Is drunk driving or distracted driving a bigger risk on the road?

| May 13, 2021 | Personal Injury

Since the 1980s, drunk driving has been the focus of many public safety policies. During the 80s, the federal government began tracking the number of drunk drivers who cause crashes and fatalities.

At the same time, popular media began depicting the dangers of impaired driving and schools started integrating impaired driving awareness into their curricula. Students don’t even generally need to take driver’s education to learn about impaired driving, as there may be special presentations on the issue that the whole school must attend or even information on drunk driving risks in health courses or classes that aim to prepare students for adult responsibilities.

In recent years, however, much of that attention has pivoted to distracted driving. Specifically, people worry about the use of mobile phones and other digital technology while driving. Has distracted driving truly become a more dangerous safety concern than drunk driving?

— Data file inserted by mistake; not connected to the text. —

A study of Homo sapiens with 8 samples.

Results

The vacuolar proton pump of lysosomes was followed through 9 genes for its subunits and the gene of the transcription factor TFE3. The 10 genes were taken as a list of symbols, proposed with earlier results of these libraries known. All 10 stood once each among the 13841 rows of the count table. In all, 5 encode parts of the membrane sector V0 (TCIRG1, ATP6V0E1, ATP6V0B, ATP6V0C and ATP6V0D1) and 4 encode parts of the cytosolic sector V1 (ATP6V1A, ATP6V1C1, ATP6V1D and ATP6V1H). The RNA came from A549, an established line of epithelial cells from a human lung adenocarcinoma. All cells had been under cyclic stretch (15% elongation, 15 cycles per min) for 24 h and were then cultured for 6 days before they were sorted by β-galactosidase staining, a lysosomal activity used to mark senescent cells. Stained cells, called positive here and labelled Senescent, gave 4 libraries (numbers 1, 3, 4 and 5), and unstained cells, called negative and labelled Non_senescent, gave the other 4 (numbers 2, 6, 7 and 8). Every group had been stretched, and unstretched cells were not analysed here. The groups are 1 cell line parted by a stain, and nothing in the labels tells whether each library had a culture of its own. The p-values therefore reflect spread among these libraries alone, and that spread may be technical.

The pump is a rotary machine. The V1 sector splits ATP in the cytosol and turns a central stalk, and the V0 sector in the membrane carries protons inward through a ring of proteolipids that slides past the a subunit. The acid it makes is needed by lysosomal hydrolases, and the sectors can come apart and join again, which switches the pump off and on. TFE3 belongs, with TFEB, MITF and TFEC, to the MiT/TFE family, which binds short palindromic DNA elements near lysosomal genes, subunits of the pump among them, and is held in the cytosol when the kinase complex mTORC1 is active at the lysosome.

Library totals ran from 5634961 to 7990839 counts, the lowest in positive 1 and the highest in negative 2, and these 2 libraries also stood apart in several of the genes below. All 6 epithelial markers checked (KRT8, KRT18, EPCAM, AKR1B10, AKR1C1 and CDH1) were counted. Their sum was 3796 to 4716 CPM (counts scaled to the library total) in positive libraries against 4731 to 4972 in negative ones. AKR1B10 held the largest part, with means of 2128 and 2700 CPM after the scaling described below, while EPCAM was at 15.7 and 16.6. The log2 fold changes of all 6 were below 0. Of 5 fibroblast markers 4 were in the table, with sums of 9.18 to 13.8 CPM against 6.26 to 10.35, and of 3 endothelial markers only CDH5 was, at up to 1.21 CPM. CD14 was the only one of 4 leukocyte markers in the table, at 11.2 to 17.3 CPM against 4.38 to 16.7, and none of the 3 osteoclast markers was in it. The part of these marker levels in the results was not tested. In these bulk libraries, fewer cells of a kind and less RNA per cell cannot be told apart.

There is a major gap between drunk and distracted driving deaths

While both drunk and distracted driving can cause completely preventable crashes, one is responsible for far more deaths than the other. According to the National Highway Traffic Safety Administration (NHTSA), drunk and distracted driving claim thousands of lives every year.

In 2019, the most recent year with a federal analysis available, 10,142 people died in drunk driving crashes. Although those numbers represent the lowest total since the NHTSA began tracking these deaths, that still means that 28 people die daily due to drunk driving. The NHTSA reports another 3,142 people died in distracted driving crashes in 2019, making it clear that drunk driving is responsible for far more deaths every year.

There are probably more distracted driving crashes than reported

There are many factors that influence the accuracy is such a comparison and in the process of collecting data related to the cause of a crash. For example, chemical tests can conclusively show chemical impairment in a driver, but not all forms of distraction leave a verifiable trail of evidence after a crash.

Someone’s phone use may not have involved apps or texting, so there is no digital record. Distracted driving can also involve daydreaming or arguing with a passenger, activities drivers aren’t likely to confess to right after a crash. There are probably more distracted driving deaths than the NHTSA can report, but there is no denying that drunk driving causes far more deaths than distracted driving.

Those suffering the consequences of a crash caused by impairment or distraction often have the same legal rights, as both drunk and distracted driving open a driver up to personal liability.